06 09 2020
For the premiere of his new song and music video, singer-songwriter Bronze Avery explains how he broke through a two-year-long creative rut — all while in quarantine.



Before I go into depth about my new release, I want to take a moment and discuss the movement going on in the world. We’re currently living in a system that was never meant for Black people to succeed in the United States and the fractures of this system can no longer be tolerated.


The protests that have been arising globally are a direct result of injustice against my community. Constant years of upfront racism, backhanded racism, and ruthless police brutality only scratch the surface of the inequalities Black people face every day.


Seeing my peers use their voices and platforms against racism is inspiring and reminds me that we have a long road ahead until we’re in the place we need to be, but we’re still moving.


As a member of the queer community, the celebration of Pride is also something that’s extremely important to me.


It’s important to remember that we wouldn’t have Pride without key trailblazers from the Black community. Without Marsha P. Johnson, Sylvia Rivera, Miss Major Griffin-Gracy, Bayard Rustin, Alvin Ailey, Willi Ninja, and so many more legends, Pride wouldn’t look the way it does today.


We should be honoring their legacy by fighting the fight their efforts paved the way for. Resistance is not a one-lane highway — we need every lane full.



This year, I set a goal to write 50 songs. A mountain for some, a pebble for others. For me, it was a rock I needed to climb to break through a two-year-long creative rut. But as time passed, I found an endless stream of excuses. 


“I can produce songs myself, but that usually takes forever, and I’m not as good as XYZ, so what’s the point?”


“There’s no inspiration if I’m not going out and experiencing the world.”


“Whenever I do have free time, I’m never able to come up with anything good because there’s too much pressure.”


I tried to justify my inertia, but I knew deep down that I was holding myself back.

Photographer: Justin Gilbert

Putting my happiness in the hands of other people, I was going through a rough emotional patch and ended up writing 15 songs in two weeks. The last one was “Only You”: a much-needed love letter to myself. It’s about being the only person in my life who can bring me constant joy and inspiration. 


Usually, I can spend months planning my releases, but everything about this song felt immediate. After showing it to friends, I knew I wanted it out ASAP. It needed a visual right away and it needed to have come out yesterday.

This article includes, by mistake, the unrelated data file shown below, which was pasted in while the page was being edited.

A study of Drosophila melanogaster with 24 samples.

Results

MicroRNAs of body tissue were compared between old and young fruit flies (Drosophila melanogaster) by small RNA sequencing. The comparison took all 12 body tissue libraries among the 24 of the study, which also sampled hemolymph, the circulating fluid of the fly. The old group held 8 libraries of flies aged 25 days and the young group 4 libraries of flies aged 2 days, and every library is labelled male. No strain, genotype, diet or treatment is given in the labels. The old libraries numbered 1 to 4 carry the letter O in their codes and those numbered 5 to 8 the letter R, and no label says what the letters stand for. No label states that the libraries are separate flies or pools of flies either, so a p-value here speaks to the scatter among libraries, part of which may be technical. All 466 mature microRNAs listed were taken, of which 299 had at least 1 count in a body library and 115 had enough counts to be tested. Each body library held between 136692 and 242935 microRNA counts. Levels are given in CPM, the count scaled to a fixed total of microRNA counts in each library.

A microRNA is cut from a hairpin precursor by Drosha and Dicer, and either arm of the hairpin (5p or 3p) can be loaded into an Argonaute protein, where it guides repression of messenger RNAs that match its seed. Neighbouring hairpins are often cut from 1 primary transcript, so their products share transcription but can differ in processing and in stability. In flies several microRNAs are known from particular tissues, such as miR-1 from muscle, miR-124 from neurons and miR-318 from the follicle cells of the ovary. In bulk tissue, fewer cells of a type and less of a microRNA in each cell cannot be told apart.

But while I was ramping up, the world was coming to a halt. Covid-19’s impact is still being determined and has taken its own toll across every facet of life. For me, this included how to approach and adjust how I shared “Only You,” which could no longer be contained. 


Both the song and video took two days to complete. It definitely wouldn’t have happened or have been thought of unless I was in quarantine.



My creative process revolves around an extremely small team and limited budgetary resources as is, so I knew I’d be up for the challenge in creating a video for “Only You” under current circumstances. I obviously had to stay at home which meant making something within the 700 ft.² space that I live in. 


I asked myself, “What’s something I’ve been dying to showcase but haven’t gotten the chance to yet?” For me, it was design and dance, which helped me focus on a concept. I played around the idea of a green screen visual similar to Gracey’s “Different Things” but I couldn’t make it unique to myself. I pivoted to projections and decided on a one take because it felt more engaging and would require the least amount of time in post. 




From song to video, the process took a total of two days. I wanted to challenge myself to see how fast I could get everything done and was fueled by my passion for the song. I had made this song without any breaks, which is usually a sign it’s a keeper. 




My listeners are highly visual and I was able to lean on my design experience to put together a video journey with motion graphics. After the song was finished, I worked on the graphics in Final Cut Pro and Photoshop. I didn’t really plan out what I wanted to happen, I kind of just followed what I thought made sense for the song. 


I’ve always been really drawn to rainbows and prisms. I think colors can really help accentuate and describe intangible moods and feelings which is why I visually resonate with them so closely. Below is a mood board I had in mind going into the design phase.

Source: Bronze Avery

"Only You" is a reminder that it's always about the big idea and the smaller details can sometimes cloud the overall vision.



Luckily, I’m quarantined with photographer and art director Justin Gilbert, who’s worked with me on most of my projects. This shoot is a great example of how we flex into whatever roles are needed and don’t take titles too seriously. We were shooting from 4 p.m. to 4 a.m. We shot it on a Canon Mark IV and used the Nebula Mars II projector. The choreography was probably the most fun and challenging part of the shoot. It was largely spontaneous with the flow becoming more finalized towards the end of our 20 takes.




I followed my instincts closely while writing “Only You” and never second-guessed a lyric or melody. I think that’s a big part of why everything came together so fast. It’s a reminder that it’s always about the big idea and the smaller details can sometimes cloud the overall vision. I remember saying to Justin, “This is probably how we would’ve shot this anyway.” Even in the middle of unprecedented challenges, nothing can stand in the way of creating — only you.

Photographer: Justin Gilbert

Bronze Avery’s latest single, “Only You” — out now via Level.